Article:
Saturday, January 26, 2008

updated group webpage + grad recruiting

It took a little work, but I finally did a major overhaul of my group's webpage. It's hard to get a good sense of how important it is to have a good webpage. My impression is that prospective students put a surprisingly large amount of weight on this, and I'm pretty sure that many others (funding agency personnel, referees, news media) do a lot of web-based background chasing, too. Nothing says "disorganized" like having a webpage that clearly hasn't been updated in four years.

My department is in the process of overhauling its webpage as well. We are very interested in increasing our applicant pool, and this certainly can't hurt (provided that it's done well, of course). Rice's big challenge is one of overall visibility, in my opinion. I just want to make sure that undergrads at the top 25 places in the country are at least aware that we have a thriving graduate program. That's easier said than done.... When I was a senior Rice was not even on my radar screen - growing up and going to school in the northeast, I just didn't think about them. Of course, the best thing to do to boost graduate applications is to do great science and make sure that people know about it, but that takes time.

Monday, January 21, 2008

Two recent ACS papers

Real life is very time consuming. This is a quick post about a couple of cute papers that are up as asap on Nano Letters at the moment.

Coraux et al., Structural coherence of graphene on Ir(111) - This is the first of what I suspect will be a large number of papers coming from people trying to find nice surfaces on which to grow graphene. Sure, it's possible to get graphene over large areas of SiC wafers, as the Georgia Tech group has shown very prettily. Still, for graphene to really come into its own as a technology, it would sure be nice to grow it by some technique like CVD or MBE. These folks have shown that it's possible to grow good graphene over large areas using single-crystal Ir as a substrate. Unfortunately, that's not too useful in and of itself. Still, it's a start, and it lets them look at things like the growth mechanisms and the way graphene accommodates substrate roughness and point defects.

Yang et al., Experimental observation of an extremely dark material made by a low-density nanotube array - This immediately calls to mind the famous line of Nigel Tufnel in This is Spinal Tap, when discussing the cover of their "Black Album": "It's like, 'How much more black could it be?', and the answer is 'None - none more black.'" These folks have been able to use the intrinsic optical properties of nanotubes + the fact that they can be grown in "carpet" form to make the blackest material ever. Pretty cool.

Sunday, January 13, 2008

the arxiv and publishing

Journals seem to have a love/hate relationship with the arxiv. For years Nature in particular used to campaign actively against electronic preprint servers, though they have given in and no longer consider posting preprints to compromise a journal submission. Science still forbids web posting of preprints before publication, presumably because at the end of the day they think that people won't buy the journal if they can get versions of the paper for free. This comes up most often when someone has a hot result and they want to get it out there to the community quickly (perhaps to establish priority), rather than wait weeks or months for the editorial process at a journal. Other publishers have attitudes that run the gamut from embracing preprint servers to ignoring their existence. Does anyone out there know if there is any actual evidence to support or refute the idea that preprint posting harms journal circulation?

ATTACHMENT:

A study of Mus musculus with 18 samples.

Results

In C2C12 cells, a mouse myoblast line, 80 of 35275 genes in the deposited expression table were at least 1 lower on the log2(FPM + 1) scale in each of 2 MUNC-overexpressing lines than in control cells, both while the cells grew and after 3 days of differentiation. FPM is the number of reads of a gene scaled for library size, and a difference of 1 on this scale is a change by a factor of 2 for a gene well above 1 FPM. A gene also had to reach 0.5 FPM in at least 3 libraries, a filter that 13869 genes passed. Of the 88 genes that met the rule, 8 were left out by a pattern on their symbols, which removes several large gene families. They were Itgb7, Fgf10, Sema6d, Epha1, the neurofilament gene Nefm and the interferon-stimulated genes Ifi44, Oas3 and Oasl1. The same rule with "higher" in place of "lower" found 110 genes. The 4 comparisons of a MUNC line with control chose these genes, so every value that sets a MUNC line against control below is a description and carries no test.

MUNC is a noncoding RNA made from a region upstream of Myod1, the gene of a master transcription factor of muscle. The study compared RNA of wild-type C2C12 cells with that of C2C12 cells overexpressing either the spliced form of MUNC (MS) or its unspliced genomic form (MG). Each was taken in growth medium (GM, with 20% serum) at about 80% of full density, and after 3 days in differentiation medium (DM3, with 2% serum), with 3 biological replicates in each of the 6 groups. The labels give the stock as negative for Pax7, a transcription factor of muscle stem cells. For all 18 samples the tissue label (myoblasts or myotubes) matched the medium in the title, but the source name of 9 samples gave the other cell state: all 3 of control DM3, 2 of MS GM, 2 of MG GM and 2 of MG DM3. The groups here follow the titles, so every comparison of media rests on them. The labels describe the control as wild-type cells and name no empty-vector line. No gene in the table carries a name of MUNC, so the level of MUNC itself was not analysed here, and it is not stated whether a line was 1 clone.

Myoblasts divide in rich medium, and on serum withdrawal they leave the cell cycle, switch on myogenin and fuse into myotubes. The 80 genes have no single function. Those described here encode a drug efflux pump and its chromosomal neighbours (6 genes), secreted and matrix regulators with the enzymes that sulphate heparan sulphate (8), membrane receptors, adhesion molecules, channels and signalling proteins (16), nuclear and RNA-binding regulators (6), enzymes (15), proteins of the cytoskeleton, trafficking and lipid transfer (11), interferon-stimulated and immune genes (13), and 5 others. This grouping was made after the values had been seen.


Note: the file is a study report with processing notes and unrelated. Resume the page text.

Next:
Back to science soon....

I will start blogging about actual physics again soon. It's been a busy time lately, between the start of the new semester and having two proposals due - one this past Thursday for the IMR program, and one this coming Friday for the MRSEC program. Writing equipment proposals like the IMR these days feels like a complete throw of the dice. For those who don't know, after your startup period, it can be challenging to get the resources needed to buy significant pieces of equipment (say $200K-$400K). You can't just ask for that kind of equipment as part of a standard grant proposal, which is why they set up separate proposals just for gadgetry. I'm trying to get a piece of equipment that will be a major boost to all areas of my research program, and after the initial grant period I'm planning on adding it to Rice's shared instrumentation pool so that it's there to help the whole campus community. The big question is, with the current budget woes (described so completely by Gordon and Chad, among others, so there's no need for me to say much more), what's going to happen to this program? Is the proposal success rate going to be 10%? Lower? The equivalent program at DOE just got cancelled entirely. The reason that the recent remarks of the Harvard president hit a nerve is that there is a grain of truth to them....

Monday, January 07, 2008


Like many physicists, given my druthers I'd write everything in LaTeX, but there are times when it's necessary to write large documents (like proposals) in Word. While LaTeX has the BibTeX bibliography management tool, in Word the main choice is EndNote, the offering from ISI (the folks who do Web of Knowledge). EndNote isn't too bad, but there are times when it's dreadfully painful, particularly if you're merging documents with contributions from multiple authors, each with their own EndNote library. This afternoon I had to upgrade to version X1 - the joys of planned obsolescence, since I couldn't read the libraries of my colleagues with more recent versions than mine. What a racket. I wonder if the new version is smart enough to read article numbers (as in PRL) as page numbers, instead of me having to type them in by hand.